Dancing is celebrated as the ultimate distraction in Saturday Night Fever and the stage show, which started its UK tour this week at Milton Keynes Theatre, emphasises the sense of escapism and euphoria.
It is impossible to resist falling into an empathetic rhythm with characters who dynamically and stylishly move their bodies to temporarily move on from the frustrations of their everyday existence. Those disco beats mean everything to Tony Manero and, although his antics as king of the dance floor take place in the 1970s, this seemingly boogie-centric story struts through some timeless concerns. The uncertainty of the future. The difficulties that come with feeling isolated. The desire to meet expectations while becoming who you want to be.
As soon as producer-director Bill Kenwright’s nostalgia-fuelled show explodes into action, the audience is blown away by a kaleidoscope of colour, slick choreography and dizzying strobe lights. The energy is exhilarating and the main message is clear.
Why just survive when you could – should – be dancing?
Tony (Jack Wilcox) is a Brooklyn born and bred Italian American whose life is going nowhere. He is anxious about his future, working in a dead-end job at a hardware store and living at home with parents who perceive him as the black sheep of the family. He gets through weekdays and lives for weekends, when he can indulge his passion for dancing.
Every Saturday night, Tony does his hair, dons his flares and hits the local disco club. He gets a buzz from the high of letting loose and everyone else goes wild over his moves. Tony attracts the admiration of local girl Annette (Billie Hardy), who declares that she will be whoever he needs her to be so that they can dance, and be, together. But he only has eyes for ambitious and talented newcomer Stephanie (Rebekah Bryant), who he eventually persuades to be his partner for the club’s dance competition. United by a desire to move up in the world (even if they have differing ideas of what exactly this ought to mean) they strive to triumph on the dance floor and take steps to overcome their disillusionment with life.
The narrative features misogyny, racism, rape, violence, youthful fatalism and suicide, so the show contains adult themes and strong language. Big feelings and confused understandings are expressed; often in clichés and sometimes without enough time or exploration to prompt an audience to fully engage with the issues. But that hardly matters as the most important and memorable aspect of Saturday Night Fever is the fact that it is packed full of funky, feel-good dancing.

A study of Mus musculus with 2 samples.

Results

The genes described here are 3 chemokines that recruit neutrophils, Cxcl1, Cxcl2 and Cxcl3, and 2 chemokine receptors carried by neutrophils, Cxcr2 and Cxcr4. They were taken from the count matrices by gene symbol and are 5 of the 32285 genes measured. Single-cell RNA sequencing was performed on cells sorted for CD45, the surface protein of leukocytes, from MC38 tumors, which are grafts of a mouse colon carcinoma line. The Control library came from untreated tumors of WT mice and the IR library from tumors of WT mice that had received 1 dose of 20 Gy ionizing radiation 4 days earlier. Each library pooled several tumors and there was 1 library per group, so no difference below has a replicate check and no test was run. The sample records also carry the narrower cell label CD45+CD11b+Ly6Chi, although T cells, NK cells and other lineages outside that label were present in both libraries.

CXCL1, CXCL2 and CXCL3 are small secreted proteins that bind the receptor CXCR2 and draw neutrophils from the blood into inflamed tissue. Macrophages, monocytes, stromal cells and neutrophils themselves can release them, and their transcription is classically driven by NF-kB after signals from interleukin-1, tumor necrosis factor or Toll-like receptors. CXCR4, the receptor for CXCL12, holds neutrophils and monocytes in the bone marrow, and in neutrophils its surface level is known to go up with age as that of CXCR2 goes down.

The future is painted as a frightening unknown entity, whereas dancing symbolises living in the moment. Tony only becomes himself when he dances and, although his insecurity comes from knowing that dancing can’t last forever, his pent-up physicality and feverish need to disco is what drives the entire show. Jack Wilcox swivels his hips, thrusts his pelvis, brushes back his hair, strips off his shirt and flexes his muscles with conviction and cocky charisma as the main dancing man. He shimmies, shuffles and hustles with ease. He casually throws in the odd triple pirouette and soars through the air during softly spiralling leaps. He demands attention.
All the dancers are top-notch though. They come alive on the multi-coloured dance floor (which has its own eye-catching moves by way of trippy lighting that flashes in time with the infectious music) under spinning glitterballs in the club. Their bodies gyrate in unison. Fingers point, arms circle, legs swing. Incredible stamina is sustained throughout high-octane routines that contain all the classic scorching hot moves. Everything is polished and professional rather than sweaty and frenzied, which might mean the choreography is more Strictly than Studio 54. But it is so enjoyable to watch, and performed so brilliantly, that analysing how spontaneous and carefree it feels seems churlish. The dancers are amazing and make you want to join in. (Midweek) Saturday night fever mission accomplished!
To paraphrase the lyrics of ‘Disco Inferno’, music in the air lets us know that there is a party somewhere. Fittingly, actor-musicians stand atop towering staircases and platforms above the stage to provide the music needed to get the party (and, subsequently, all that dancing) started and keep it going strong. And the Bee Gees (AJ Jenks, Drew Ferry and Oliver Thomson) sing hit after hit in flawless falsetto from a centre-stage mezzanine. ‘Stayin’ Alive’, ‘How Deep Is Your Love’, ‘Night Fever’, ‘More Than A Woman’, ‘You Should Be Dancing’ and more. The party is wherever these performers are!
In short, this music and dance extravaganza is a fast-paced, fun show that will win you over with its soundtrack and that fabulous message: we should all be dancing. Get tickets for any day of the week, put on your boogie shoes and expect to be up on your feet for the finale!
*Production photography from the 2019 UK tour by Paul Coltas.
Saturday Night Fever continues at Milton Keynes Theatre until Saturday 10 September 2022. The UK tour continues until Saturday 26 November 2022.
Georgina Butler is an editor, a dance writer and a ballet teacher.